Blu-ray Review: ‘Deadpool’ Is Self Aware, Borderline Satirical Greatness

Are you suffering from superhero movie burnout? The common symptoms are homogenized violence, a few dirty words commonly heard on basic cable, and the word “Disney” popping up in the opening credits.

If you or anyone you know has any of those symptoms, the somewhat unreliable team of Fox and Marvel has your cure. It is called “Deadpool” and it is a complete 180 degree turn from the Disney-Marvel movie world. “Deadpool” seems to take great pride in its R-rating, reveling in the blood, sex, and exceptionally naughty language prevalent in all 108 minutes of it.

“Deadpool” is essentially the baby of star and producer Ryan Reynolds, who hasn’t shied away from slamming his initial performance of this very same character in the awful “X-Men Origins: Wolverine.” That movie turned Deadpool, a cult character favorite, into a PG-13 embarrassment. In fact, it was so poorly received that Fox essentially locked the character up in a basement, never giving another thought to putting him back on screen again.

“Deadpool” is an origin story told in non-linear fashion via narration and flashbacks by Wade Wilson (Reynolds), a mercenary that never shuts up, is overly violent, and has a soft spot for innocents in need. While hanging out at a mercenary bar run by Weasel (TJ Miller, wonderfully witty as usual), Wade meets Vanessa (Morena Baccarin), a prostitute that is just as mentally screwed up as he is.

These two “romantics” hit it off and their “love story” is then explained via a montage that is as hilarious as it is risqué. As far as movie montages go, this may be the most original, yet insane one in movie history.

Their life gets turned on its ear when Wade learns that he has terminal cancer. With nowhere to turn, he agrees to be part of an experiment that brings out the mutant gene that every human being possesses with a promise it will cure his cancer. It’s not a spoiler to tell you that once the man in charge of this experiment, Ajax (Ed Skrein, going all in on the villainous evil British accent), that things are not going to end well for Wade.

The experiments leave Wade disfigured, but with the ability to heal in seconds. Thus, Deadpool is born and his new life goal is to find Ajax and his main thug, Angel Dust (Gina Carano), and exact revenge.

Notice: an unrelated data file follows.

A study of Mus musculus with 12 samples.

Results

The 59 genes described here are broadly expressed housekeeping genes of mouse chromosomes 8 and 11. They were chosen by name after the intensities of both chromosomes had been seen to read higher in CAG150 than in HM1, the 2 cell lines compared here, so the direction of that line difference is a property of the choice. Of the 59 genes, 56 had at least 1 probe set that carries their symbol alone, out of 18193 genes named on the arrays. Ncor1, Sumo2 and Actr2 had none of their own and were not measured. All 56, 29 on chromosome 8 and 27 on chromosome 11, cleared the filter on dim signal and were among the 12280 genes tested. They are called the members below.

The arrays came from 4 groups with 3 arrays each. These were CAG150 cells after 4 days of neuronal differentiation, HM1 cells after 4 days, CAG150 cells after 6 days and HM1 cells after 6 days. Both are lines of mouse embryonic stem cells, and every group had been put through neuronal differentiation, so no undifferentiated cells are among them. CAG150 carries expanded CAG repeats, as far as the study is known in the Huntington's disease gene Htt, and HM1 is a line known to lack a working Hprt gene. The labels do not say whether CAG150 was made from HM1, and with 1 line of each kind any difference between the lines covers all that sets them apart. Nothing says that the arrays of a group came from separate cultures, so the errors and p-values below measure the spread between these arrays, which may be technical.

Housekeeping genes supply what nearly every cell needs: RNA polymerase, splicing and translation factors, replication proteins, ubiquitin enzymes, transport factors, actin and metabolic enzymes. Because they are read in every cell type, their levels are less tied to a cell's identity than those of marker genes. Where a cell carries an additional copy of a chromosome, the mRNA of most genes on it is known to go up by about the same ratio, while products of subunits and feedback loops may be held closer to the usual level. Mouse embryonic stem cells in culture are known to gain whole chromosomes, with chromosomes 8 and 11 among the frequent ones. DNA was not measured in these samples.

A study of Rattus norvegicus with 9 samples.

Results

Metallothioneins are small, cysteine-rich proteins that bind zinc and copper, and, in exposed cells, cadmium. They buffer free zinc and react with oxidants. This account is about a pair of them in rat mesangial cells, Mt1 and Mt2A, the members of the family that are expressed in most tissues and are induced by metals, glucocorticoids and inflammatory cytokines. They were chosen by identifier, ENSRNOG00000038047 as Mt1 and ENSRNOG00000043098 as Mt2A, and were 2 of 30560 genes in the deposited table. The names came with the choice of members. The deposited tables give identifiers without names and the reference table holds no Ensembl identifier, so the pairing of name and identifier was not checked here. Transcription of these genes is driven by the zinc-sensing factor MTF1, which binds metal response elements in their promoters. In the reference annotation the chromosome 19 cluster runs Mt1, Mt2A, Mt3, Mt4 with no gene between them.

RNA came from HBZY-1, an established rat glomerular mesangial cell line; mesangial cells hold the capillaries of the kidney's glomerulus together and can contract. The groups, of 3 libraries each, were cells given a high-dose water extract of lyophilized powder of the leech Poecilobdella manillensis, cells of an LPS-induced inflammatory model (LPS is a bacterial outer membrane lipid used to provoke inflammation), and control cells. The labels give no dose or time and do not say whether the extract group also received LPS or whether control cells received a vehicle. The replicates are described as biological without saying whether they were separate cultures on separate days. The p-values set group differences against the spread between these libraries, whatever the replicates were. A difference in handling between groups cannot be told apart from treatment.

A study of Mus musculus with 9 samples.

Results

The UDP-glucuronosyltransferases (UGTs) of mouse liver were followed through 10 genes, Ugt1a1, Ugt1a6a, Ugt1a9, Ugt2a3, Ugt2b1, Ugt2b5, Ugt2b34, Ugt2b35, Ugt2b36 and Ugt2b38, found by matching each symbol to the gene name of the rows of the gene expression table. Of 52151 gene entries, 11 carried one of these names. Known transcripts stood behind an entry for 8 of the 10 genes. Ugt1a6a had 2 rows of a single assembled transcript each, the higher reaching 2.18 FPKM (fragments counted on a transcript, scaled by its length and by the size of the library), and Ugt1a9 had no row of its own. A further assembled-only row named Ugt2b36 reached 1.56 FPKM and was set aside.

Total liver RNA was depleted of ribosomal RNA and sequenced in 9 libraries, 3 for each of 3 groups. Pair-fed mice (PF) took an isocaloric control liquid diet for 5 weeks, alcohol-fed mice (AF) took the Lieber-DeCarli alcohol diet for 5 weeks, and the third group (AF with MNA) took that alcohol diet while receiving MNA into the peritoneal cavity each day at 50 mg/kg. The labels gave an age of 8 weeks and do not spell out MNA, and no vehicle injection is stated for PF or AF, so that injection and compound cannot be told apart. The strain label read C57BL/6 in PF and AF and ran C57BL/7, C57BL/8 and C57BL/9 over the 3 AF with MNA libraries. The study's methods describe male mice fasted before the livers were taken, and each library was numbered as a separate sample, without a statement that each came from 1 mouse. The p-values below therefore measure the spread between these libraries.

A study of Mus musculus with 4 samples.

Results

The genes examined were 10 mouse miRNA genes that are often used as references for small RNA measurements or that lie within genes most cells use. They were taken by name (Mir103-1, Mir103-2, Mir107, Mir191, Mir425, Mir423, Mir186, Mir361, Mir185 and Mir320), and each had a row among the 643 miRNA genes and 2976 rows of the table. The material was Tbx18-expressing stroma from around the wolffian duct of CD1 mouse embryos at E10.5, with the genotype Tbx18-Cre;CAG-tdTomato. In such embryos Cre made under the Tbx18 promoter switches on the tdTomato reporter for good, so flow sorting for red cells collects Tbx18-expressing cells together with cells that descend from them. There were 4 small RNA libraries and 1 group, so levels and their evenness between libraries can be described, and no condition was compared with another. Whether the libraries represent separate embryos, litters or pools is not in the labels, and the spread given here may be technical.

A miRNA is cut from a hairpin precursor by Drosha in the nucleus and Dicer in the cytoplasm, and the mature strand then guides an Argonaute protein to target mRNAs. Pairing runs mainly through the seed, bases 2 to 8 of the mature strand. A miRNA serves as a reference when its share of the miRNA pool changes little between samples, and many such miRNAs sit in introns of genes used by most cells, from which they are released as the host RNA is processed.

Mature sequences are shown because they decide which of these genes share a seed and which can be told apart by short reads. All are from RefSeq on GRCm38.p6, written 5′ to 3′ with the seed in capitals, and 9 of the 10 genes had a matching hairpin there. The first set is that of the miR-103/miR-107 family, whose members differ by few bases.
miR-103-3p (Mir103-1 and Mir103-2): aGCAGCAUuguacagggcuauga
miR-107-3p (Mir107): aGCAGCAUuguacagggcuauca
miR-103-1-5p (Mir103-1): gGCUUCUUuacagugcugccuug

There are a few wonderful tie ins to the X-Men franchise in “Deadpool.” Colossus (Stefan Kapicic), a huge Russian man made of metal, and his trainee Negasonic Teenage Warhead (Brianna Hildebrand and yes you read that name correctly) decide to help Deadpool on his revenge quest while trying to get him to see the error of his murderous ways.

Those murderous ways are on full display in “Deadpool.” The death in this movie is gruesome. However, horrific violence hasn’t been this hilarious since “Pulp Fiction.” Deadpool’s childlike glee helps make it a blast to watch him behead and skewer people left and right, even though you may hate yourself for laughing at how disgusting it is.

This is Tim Miller’s first time directing and “Deadpool” couldn’t have a better person to convey this to screen. Miller takes a relatively small budget of $50 million and creates two well done, practical action sequences that bookend the movie. The script by Paul Wernick and Rhett Reese is almost an afterthought as it seems like Miller simply said “action” then let Reynolds and cast riff away.

Speaking of riffing, Ryan Reynolds has proved that he has mastered the art. Not every one liner sticks, but the ones that do are so fantastic and brilliant that theater laughter drowns out the next one. “Deadpool” literally has a crass insult, politically incorrect slur, or childish genital joke every minute and there can’t possibly be an actor that could pull this off like Reynolds does.

“Deadpool” will not please everyone. This is vulgarity at its highest and will likely repulse many people. However, this is the movie that fans of this cult hero have wanted and will only have them begging for more. Even if “Deadpool” fails monetarily (which is a long shot), it is a risky triumph that could have been a disaster. That alone makes it worth seeing.

Also, don’t be taken aback when Reynolds’ Deadpool looks into the camera and shatters the fourth wall. Embrace the fact that “Deadpool” is not a cookie cutter bore and soak up the sheer zaniness of the entire thing. But be sure to stick around for an after-credits scene that wraps “Deadpool” up with a perfect, self aware bow.